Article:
To qualify for Supplemental Security Income (SSI) benefits, as you may know, you need to be an adult or child of any age who is disabled or blind or any adult who’s 65 or over who has limited household income and resources. Adults with a disability that prevents them from working can apply for SSI if they don’t have enough of a recent work record to qualify for Social Security Disability Insurance (SSDI).
It’s easy to get all of the programs under the umbrella of the Social Security Administration (SSA) confused. In fact, SSI money has a different source than retirement and SSDI payments. SSI is funded by the U.S. Treasury, while Social Security retirement benefits and SSDI are funded by taxes paid by workers and employers.
Those who qualify for SSI at 65 because of their financial situation often think they must choose between SSI and Social Security retirement benefits (which are based on your lifetime work record or your spouse’s).
Social Security retirement benefits are included in your income
While you do have to collect your Social Security retirement at some point, you may still be able to receive SSI simultaneously. It depends on what your income is with your Social Security retirement benefits factored in. If you’ve been receiving SSI based on a disability and your financial status, when you reach the age where you start collecting Social Security retirement benefits, those will be added to your total monthly income.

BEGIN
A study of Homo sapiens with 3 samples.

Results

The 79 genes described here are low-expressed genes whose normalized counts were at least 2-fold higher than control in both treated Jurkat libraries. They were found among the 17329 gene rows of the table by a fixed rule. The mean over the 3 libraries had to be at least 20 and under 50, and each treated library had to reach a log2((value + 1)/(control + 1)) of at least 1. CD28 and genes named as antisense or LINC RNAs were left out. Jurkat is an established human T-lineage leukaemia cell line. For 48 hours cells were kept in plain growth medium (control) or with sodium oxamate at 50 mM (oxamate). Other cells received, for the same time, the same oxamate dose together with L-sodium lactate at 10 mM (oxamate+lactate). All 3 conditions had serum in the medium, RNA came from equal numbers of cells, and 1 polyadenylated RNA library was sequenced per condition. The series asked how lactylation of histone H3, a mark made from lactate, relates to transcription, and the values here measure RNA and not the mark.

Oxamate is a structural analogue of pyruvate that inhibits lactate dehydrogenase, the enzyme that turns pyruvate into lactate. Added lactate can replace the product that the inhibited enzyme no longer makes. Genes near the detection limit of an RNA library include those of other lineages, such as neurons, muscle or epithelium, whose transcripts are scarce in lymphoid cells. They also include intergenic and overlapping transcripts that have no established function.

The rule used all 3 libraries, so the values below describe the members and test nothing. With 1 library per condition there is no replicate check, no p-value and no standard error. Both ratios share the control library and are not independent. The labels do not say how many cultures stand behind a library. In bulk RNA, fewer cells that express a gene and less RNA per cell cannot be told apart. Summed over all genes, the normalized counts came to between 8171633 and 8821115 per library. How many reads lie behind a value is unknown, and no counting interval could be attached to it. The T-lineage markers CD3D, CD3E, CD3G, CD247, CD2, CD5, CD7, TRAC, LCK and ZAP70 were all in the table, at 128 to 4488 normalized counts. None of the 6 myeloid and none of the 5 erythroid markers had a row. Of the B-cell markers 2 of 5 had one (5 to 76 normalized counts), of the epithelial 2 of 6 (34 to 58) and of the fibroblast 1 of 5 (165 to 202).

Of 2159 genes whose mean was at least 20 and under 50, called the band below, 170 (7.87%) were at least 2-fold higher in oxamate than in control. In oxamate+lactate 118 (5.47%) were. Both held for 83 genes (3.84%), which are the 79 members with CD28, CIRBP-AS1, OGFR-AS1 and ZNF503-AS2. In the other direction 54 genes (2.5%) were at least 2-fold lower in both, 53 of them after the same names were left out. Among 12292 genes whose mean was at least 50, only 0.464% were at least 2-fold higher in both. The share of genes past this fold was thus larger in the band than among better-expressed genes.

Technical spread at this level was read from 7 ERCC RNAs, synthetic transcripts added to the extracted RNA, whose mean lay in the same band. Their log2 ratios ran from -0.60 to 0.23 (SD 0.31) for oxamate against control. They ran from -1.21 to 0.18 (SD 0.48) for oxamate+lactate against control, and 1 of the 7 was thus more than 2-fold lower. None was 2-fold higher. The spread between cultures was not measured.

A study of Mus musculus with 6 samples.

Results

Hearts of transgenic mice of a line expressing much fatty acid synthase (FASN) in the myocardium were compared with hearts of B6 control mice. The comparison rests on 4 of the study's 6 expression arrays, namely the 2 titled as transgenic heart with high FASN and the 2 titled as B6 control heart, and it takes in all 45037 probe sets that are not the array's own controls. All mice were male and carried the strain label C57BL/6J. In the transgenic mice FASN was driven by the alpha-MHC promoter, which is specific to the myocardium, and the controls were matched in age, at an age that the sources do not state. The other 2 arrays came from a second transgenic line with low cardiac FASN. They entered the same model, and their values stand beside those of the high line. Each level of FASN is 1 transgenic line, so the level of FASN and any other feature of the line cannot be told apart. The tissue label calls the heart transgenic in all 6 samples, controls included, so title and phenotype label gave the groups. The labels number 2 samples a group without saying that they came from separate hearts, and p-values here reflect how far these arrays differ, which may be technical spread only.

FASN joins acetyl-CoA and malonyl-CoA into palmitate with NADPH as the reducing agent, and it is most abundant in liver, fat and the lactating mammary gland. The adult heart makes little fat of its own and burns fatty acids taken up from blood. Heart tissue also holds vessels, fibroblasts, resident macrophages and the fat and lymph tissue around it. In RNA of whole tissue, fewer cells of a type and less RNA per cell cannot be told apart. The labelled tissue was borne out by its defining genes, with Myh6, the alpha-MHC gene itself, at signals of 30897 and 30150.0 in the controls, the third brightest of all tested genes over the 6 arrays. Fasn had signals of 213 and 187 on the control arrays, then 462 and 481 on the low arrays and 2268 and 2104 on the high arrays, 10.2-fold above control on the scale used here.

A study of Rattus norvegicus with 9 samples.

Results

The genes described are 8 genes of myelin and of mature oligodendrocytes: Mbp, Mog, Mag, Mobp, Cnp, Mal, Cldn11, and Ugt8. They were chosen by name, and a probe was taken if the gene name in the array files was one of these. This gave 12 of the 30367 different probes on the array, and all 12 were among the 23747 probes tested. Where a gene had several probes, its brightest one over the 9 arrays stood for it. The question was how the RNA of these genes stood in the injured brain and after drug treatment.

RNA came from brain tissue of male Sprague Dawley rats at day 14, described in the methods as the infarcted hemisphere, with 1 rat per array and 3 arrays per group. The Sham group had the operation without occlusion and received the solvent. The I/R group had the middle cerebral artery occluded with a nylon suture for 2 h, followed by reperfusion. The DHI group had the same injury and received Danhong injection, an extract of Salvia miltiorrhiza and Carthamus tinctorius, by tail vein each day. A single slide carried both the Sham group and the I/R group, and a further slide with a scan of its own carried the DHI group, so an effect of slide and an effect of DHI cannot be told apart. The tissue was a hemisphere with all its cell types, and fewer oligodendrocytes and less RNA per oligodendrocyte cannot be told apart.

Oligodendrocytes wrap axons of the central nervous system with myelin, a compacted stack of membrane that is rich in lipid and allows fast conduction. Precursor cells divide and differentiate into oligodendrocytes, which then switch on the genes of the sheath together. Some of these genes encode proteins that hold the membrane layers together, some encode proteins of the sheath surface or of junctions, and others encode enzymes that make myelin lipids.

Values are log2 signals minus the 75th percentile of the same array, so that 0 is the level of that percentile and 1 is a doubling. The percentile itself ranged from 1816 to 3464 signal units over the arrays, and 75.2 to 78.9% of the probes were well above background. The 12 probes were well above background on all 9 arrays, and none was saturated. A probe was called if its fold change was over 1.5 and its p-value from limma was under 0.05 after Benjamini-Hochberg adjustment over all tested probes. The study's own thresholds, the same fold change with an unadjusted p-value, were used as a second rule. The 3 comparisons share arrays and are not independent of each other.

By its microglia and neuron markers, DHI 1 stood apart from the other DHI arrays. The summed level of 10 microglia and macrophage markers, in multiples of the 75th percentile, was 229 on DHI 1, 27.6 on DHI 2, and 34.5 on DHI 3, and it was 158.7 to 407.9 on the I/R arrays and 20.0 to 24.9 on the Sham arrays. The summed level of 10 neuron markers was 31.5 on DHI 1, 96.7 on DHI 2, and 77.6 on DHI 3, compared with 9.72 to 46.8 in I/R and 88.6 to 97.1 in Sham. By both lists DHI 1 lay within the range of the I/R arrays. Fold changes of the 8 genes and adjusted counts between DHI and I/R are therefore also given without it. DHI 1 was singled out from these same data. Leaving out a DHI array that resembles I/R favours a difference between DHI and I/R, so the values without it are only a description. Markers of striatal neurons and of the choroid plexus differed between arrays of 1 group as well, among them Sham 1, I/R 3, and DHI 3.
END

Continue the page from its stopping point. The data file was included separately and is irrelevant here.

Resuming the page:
The means of calculating income for SSI eligibility is too complicated to get into here. Further, SSI benefits vary by state, based in part on what’s considered a “livable wage” in each state. That’s much lower in Alabama than in states like New York and California where the cost of living is much higher.
Changes in income must be reported
Any changes in your financial status, including income, need to be reported to the SSA so that it can do a redetermination of your benefits. Don’t assume that because SSI is part of the SSA, that SSI administrators know that you’ve begun receiving your retirement benefits.
If you have questions about your continued eligibility for SSI after you’ve begun collecting Social Security retirement or if you believe you’ve been wrongly denied the correct amount of SSI benefits, seeking legal guidance can make all the difference in helping to ensure that you’re receiving all the benefits for which you qualify.